Bucked by the Alien – A Sci Fi Alien Romance Read Online Loki Renard

Categories Genre: Alpha Male, Fantasy/Sci-fi, Paranormal, Romance Tags Authors:

Total pages in book: 46
Estimated words: 42861 (not accurate)
Estimated Reading Time in minutes: 214(@200wpm)___ 171(@250wpm)___ 143(@300wpm)

Alone on a wild alien planet in mating season…

I was assigned a mandatory emotional support animal when I volunteered for a five year solo mission to a remote alien planet.
I got a goat called Strumpet. (Probably should have questioned the name.)
She’s sweet until she comes in season, and then there is no stopping her.
No tie, no fence, no barrier will stop her from seeking a mate.

When Strumpet escapes into the wild, I go looking for her.
When I find her, she’s in trouble. (What else is new.)
She’s found a local mate.
That male belongs to a big, bad alien barbarian with big, hard… horns.
As soon as Gruff sees me, he forgets all about my goat.
It’s mating season, and I’m going to get bucked.

*************FULL BOOK START HERE*************



Humans are trouble.

The one I am watching is moving through my territory completely unaware. She is human, female, and of fertile age. A mane of red hair is braided and pinned to her head, but I see it flashing every time she moves her head, which she does a lot as she looks around to what to her is unfamiliar terrain.

She wears clothing over almost every inch of her body, the attire wrapped tightly around her feminine form. My gaze keeps dropping to the curve of her rear. That is a bottom made to be owned.

These thoughts are a travesty. Humans should be slain on sight. That is the law of our land.

“Strumpet!” she calls out in her strange human tongue. She makes this sound often.

Finally, a creature answers her cry. I see a small goat break out of the brush and come to be by her side. It is a female animal as well. It, too, moves with a certain naivety. Both of them are in immense danger. Neither one of them seems to notice. I watch as the little doe nibbles at leaves, just barely avoiding the poisonous plants that grow alongside the nutritious ones.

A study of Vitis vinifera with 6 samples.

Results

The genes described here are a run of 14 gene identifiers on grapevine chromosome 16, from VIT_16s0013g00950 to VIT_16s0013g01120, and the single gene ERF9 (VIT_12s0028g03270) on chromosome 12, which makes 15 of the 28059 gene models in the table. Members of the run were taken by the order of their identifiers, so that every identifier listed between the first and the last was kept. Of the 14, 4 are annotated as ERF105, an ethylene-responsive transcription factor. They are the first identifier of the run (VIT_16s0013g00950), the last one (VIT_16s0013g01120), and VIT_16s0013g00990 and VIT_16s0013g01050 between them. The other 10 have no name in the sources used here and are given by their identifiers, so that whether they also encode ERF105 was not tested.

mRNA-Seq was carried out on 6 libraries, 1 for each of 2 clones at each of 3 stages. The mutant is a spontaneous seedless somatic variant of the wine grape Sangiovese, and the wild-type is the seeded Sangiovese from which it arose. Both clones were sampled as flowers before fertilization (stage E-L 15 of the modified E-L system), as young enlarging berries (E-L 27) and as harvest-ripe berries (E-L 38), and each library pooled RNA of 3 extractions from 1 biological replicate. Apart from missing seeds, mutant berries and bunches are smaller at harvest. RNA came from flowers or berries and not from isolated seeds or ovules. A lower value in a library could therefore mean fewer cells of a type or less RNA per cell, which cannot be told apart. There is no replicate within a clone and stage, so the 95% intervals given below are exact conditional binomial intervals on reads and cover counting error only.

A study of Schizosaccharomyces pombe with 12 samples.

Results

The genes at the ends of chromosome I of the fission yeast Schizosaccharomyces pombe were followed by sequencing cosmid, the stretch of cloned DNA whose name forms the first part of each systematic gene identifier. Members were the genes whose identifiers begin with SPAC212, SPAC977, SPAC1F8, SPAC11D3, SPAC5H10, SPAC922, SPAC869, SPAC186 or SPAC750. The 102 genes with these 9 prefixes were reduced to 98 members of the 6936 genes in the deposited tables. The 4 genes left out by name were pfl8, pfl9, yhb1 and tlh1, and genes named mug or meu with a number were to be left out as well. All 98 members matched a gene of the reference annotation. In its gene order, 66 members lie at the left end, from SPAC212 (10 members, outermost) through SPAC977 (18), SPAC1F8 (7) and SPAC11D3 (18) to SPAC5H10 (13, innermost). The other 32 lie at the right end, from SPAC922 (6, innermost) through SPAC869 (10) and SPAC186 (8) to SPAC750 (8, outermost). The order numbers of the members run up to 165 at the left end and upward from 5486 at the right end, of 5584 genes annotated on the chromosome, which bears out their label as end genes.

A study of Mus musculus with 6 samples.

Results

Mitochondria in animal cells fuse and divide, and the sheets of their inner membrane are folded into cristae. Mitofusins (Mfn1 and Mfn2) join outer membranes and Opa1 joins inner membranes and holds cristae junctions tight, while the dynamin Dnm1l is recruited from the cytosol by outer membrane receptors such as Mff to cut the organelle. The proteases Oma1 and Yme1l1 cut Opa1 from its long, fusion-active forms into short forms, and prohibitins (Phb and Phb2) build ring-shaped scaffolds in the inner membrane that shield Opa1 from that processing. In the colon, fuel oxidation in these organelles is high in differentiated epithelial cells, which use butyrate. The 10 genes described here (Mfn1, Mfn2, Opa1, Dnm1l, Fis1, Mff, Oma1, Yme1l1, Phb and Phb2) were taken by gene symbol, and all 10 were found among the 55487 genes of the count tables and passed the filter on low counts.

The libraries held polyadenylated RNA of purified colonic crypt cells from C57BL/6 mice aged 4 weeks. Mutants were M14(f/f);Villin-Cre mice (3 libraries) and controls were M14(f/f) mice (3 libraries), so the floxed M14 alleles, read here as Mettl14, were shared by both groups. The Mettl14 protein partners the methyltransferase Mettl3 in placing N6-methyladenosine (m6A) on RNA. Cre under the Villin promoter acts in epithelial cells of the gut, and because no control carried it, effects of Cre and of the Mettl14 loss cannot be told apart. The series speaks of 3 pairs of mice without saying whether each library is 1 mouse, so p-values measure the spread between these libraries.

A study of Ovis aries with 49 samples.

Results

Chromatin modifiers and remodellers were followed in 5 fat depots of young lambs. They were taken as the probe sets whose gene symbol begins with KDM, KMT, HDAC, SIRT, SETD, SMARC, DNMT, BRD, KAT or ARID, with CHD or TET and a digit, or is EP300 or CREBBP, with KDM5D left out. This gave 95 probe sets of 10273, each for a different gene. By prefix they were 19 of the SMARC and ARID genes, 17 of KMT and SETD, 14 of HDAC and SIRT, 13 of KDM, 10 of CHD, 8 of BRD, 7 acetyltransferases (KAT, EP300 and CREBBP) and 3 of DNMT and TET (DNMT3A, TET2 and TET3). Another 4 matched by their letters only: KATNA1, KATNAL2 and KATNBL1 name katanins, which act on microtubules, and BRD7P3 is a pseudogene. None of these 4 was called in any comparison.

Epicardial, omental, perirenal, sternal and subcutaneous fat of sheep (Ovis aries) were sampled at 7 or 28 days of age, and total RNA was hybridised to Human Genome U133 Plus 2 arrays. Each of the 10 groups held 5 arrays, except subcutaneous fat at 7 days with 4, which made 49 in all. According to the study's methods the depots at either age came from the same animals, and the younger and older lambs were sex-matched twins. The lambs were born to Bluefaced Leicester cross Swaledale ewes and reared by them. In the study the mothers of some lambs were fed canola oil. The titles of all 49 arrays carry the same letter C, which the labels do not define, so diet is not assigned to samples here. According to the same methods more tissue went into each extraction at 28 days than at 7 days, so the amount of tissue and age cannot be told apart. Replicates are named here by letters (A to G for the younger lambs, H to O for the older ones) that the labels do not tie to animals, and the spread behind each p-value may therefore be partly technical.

As for the human, she strides about the place with the sort of confidence reserved for the very young and the very simple. She appears to have decided to forage alongside her goat, picking berries and fungus from the forest seemingly at random. I watch as she very nearly puts a piece of terribly poisonous mushroom flesh into her mouth, only to trip over her goat and drop it. She loses interest at that point, and instead pulls a ration from her pocket. It smells sweet and rich even at a distance. It is not the only scent emanating from her. She smells like female. Like woman. Like sex. It is a smell that is being carried far and wide. I am sure I am not the only buck to catch the scent.

I am looking at two prime examples of invasive species, but I do not need to kill either one of them. The way they are going they will not last until the end of the day. Unless, of course, someone were to do something to save them.


Someone is watching me.

The hair on the back of my neck stands erect as the eerie sensation of being seen flows through me, an ancient instinct still yet to be explained by science. The sensation is extra creepy because I am supposed to be alone on this planet. If I am being watched, it can only be by something with predatory intent.

An alien world is unfolding at my feet, twin suns burning off misty green fog to reveal a mountain jungle of unimaginable beauty. This world is wild, and I must be wild to survive it. For the next five years I will live here completely alone. I am a member of Earth’s extraterrestrial services. EET, and it is my mission to explore, investigate, and document every inch of this remarkable world.



I almost jump out of my skin. I keep forgetting she’s there. Strumpet lets out a little goaty laugh and nibbles at the strap of my pack for good measure.

“Quit it,” I say, waving my hand toward the pest.

She does not quit it. She ignores me, as she has been doing since we met, more or less. I look down at her, into her sweet golden eyes and I speak words of censure and judgement.

“You’re a brat.”

“Hehehehe,” she says, her mouth full of strap. She does not care about my opinions of her actions. I do not know if she is capable of caring about anybody’s opinions of her actions. It’s one of the many things I like about her.

Strumpet is a specially trained support animal. Well, of sorts. She’s not your traditional support animal. She’s a goat, for starters, and not a particularly large one. She comes up just above my knee and has a habit of screaming loudly at inopportune times. I’ve come to rationalize her presence by telling myself that she’s just as good as any dog, with the added benefit of being able to survive on almost anything.